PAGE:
The Art Of String-Skipping
One of the peculiar, particular things about the guitar is that it often forces us to play in certain ways. I’m sure part of the reason the Minor Pentatonic scale is so pervasive is that it’s easy to learn and easy to play. It doesn’t hurt that it sounds great too. And likewise, if you learn the Major scale in the popular three-note-per-string format you can find yourself gravitating towards many of the same phrases over and over again. And again, this is partially because these licks and patterns just sound so dang good. But if you’d like to spice things up within your favourite scales, string-skipping is a great way to unlock the inner ‘awesome’ of your scale or mode. The concept is really simple: because of the way the guitar strings are laid out, you can break out of the diatonic, up-and-down nature of scalar playing by leaping over a string altogether and taking advantage of the wider intervals that you get between notes when you do so. It can make the guitar sound less ‘guitaristic’ - maybe more like a keyboard, or a really angry yodeller. So here are a few of my favourite string-skipping licks.
This first one uses the Minor Pentatonic scale, and I find it to be a really good jumping-off point. It has a certain Eric Johnson-esque charm to it, and it helps to uncover some of the more ‘pretty-sounding’ aspects of the Minor Pentatonic, as opposed to the rough-and-ready blues-rock vibe we’re more accustomed to. This is a good one to start with because each pair of strings we’re playing maintains the same fingering and fretting due to the layout of the Minor Pentatonic scale.
In Figure 2, we continue the pattern down further into the scale, this time with a different pattern for each pair. For extra fun, string Figure 1 and Figure 2 together into one mighty mega-lick.
Of course, you can play this stuff as fast or as slow as you like, and you can repeat notes or phrases within the lick. In Figure 3 we see a few different ways to approach it: the first bar is a bunch of 16th notes repeating the first four notes of the pattern seen in Figure 1. The second bar doubles up on the first half of that phrase, which gives the lick a sort of Zakk Wylde-meets-Nuno Bettencourt feel.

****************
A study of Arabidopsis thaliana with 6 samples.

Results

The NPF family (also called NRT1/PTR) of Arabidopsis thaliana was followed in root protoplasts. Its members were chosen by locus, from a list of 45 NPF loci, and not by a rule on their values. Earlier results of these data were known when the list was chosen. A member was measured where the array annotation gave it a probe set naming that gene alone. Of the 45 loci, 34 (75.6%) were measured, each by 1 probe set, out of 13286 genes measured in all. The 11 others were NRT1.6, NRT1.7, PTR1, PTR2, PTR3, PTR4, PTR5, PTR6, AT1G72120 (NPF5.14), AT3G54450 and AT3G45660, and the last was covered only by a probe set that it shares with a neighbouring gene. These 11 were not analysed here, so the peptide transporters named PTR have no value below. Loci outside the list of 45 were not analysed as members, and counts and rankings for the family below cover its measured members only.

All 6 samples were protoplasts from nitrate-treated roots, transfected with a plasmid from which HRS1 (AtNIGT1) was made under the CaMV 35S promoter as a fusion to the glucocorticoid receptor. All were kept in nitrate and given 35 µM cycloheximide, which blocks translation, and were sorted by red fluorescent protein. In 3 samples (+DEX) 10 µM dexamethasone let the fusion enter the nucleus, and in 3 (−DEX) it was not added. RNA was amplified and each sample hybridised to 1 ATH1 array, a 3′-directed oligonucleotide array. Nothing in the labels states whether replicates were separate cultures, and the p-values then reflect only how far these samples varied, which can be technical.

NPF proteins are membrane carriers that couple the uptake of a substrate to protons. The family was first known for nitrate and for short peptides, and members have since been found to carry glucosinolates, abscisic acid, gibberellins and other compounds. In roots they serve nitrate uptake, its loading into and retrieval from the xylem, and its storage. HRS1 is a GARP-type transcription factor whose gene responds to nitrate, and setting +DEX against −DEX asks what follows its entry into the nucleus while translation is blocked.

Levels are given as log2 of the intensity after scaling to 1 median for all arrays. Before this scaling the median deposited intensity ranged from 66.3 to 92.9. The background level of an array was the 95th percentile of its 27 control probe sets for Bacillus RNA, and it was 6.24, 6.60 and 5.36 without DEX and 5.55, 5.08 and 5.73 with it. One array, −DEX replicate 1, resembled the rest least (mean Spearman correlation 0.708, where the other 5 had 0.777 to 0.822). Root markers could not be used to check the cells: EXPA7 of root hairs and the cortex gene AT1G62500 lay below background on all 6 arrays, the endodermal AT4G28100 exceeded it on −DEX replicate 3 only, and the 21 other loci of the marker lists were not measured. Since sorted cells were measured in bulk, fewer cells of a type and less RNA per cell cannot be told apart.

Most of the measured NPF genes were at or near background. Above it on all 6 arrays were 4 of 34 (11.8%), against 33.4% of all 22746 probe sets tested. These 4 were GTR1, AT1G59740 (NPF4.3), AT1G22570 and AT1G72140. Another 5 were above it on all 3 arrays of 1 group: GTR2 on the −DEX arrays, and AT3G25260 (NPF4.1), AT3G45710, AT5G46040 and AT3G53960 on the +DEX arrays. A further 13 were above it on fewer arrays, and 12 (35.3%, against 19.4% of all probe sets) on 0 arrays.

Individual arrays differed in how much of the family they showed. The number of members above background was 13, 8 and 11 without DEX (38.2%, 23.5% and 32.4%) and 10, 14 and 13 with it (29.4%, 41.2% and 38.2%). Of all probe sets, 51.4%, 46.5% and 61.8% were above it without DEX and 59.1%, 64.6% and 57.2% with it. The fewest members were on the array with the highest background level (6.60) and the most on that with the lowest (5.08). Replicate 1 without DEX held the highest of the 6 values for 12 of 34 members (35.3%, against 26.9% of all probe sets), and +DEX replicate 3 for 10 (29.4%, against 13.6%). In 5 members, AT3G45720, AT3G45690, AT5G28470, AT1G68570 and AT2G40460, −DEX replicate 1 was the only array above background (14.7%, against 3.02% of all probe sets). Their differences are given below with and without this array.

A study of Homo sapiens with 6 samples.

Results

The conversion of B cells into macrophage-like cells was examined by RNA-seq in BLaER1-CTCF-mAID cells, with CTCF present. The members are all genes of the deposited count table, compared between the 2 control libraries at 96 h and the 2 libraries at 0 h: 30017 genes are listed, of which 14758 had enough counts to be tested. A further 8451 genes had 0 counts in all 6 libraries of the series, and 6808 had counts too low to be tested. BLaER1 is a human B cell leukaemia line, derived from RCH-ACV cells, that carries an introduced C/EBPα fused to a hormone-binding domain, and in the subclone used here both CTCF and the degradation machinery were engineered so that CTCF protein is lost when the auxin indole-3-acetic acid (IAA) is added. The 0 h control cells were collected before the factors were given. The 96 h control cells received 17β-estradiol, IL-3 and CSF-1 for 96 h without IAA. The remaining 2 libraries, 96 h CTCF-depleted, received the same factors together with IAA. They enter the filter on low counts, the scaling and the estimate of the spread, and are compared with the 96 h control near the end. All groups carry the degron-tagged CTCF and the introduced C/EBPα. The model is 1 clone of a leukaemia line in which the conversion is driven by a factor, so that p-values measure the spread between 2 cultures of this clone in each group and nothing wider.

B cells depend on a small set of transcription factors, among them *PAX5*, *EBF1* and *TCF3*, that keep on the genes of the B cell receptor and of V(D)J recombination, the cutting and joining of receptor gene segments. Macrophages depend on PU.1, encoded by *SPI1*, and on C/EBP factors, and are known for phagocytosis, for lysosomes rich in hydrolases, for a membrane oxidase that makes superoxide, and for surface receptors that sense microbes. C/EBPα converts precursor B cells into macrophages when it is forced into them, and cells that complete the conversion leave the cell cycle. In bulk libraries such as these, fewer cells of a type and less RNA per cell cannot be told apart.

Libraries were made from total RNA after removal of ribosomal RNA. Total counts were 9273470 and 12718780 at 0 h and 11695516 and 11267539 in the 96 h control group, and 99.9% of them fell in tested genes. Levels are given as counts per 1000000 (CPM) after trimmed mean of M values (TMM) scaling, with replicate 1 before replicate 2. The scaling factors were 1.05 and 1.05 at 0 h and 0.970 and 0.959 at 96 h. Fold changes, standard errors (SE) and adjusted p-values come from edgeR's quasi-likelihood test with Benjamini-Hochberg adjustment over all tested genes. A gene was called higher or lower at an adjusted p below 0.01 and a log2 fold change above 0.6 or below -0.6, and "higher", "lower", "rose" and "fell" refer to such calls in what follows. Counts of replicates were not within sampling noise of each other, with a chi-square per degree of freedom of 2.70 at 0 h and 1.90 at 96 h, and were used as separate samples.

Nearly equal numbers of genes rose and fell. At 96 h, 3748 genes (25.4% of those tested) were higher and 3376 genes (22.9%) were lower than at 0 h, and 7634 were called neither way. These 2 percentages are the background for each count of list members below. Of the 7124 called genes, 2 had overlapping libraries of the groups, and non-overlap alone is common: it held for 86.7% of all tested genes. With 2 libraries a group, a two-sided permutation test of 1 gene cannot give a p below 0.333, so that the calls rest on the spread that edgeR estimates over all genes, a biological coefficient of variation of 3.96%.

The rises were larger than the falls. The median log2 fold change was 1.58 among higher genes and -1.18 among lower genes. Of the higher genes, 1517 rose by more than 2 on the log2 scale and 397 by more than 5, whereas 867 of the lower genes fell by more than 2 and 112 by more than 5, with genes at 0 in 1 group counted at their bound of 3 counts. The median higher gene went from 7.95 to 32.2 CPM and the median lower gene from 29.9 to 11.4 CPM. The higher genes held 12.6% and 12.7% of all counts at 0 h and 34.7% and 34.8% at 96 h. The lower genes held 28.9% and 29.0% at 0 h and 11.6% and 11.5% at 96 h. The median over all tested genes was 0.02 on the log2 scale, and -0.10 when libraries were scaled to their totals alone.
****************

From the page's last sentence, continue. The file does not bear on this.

You can also use string-skipping in combination with slides to get a little more of a liquid feel out of your lead work. Check out the lick in Figure 4, which still uses the Minor Pentatonic scale in E. But here you’ll be adding a third note to the patten, sliding down to the next lowest note on the second string of the pair. I’ve written it as two bars here which are identical until the last four notes, where they tie up the lick in a neat little bow. If you’re feeling particularly speedy, play this one as 32nd notes instead of 16th notes. It sounds great on the neck pickup with heavy distortion, but it also has a certain twangy charm if played with a clean tone.
You can also use string-skipping for much more of a Paul Gilbert feel by playing some pretty intricate-sounding stuff. Figure 5 sounds great when you pick every note, and it’ll give you an almost sequencer-like vibe. It also sounds great if you use a delay set to quarter notes or half notes.
If you’d like to further explore the capabilities of this technique, take some familiar scales and apply these patterns to them. These kind of ‘self-limiting systems’ can really be a great way of breaking out of a rut or imposing some kind of new personality on your music.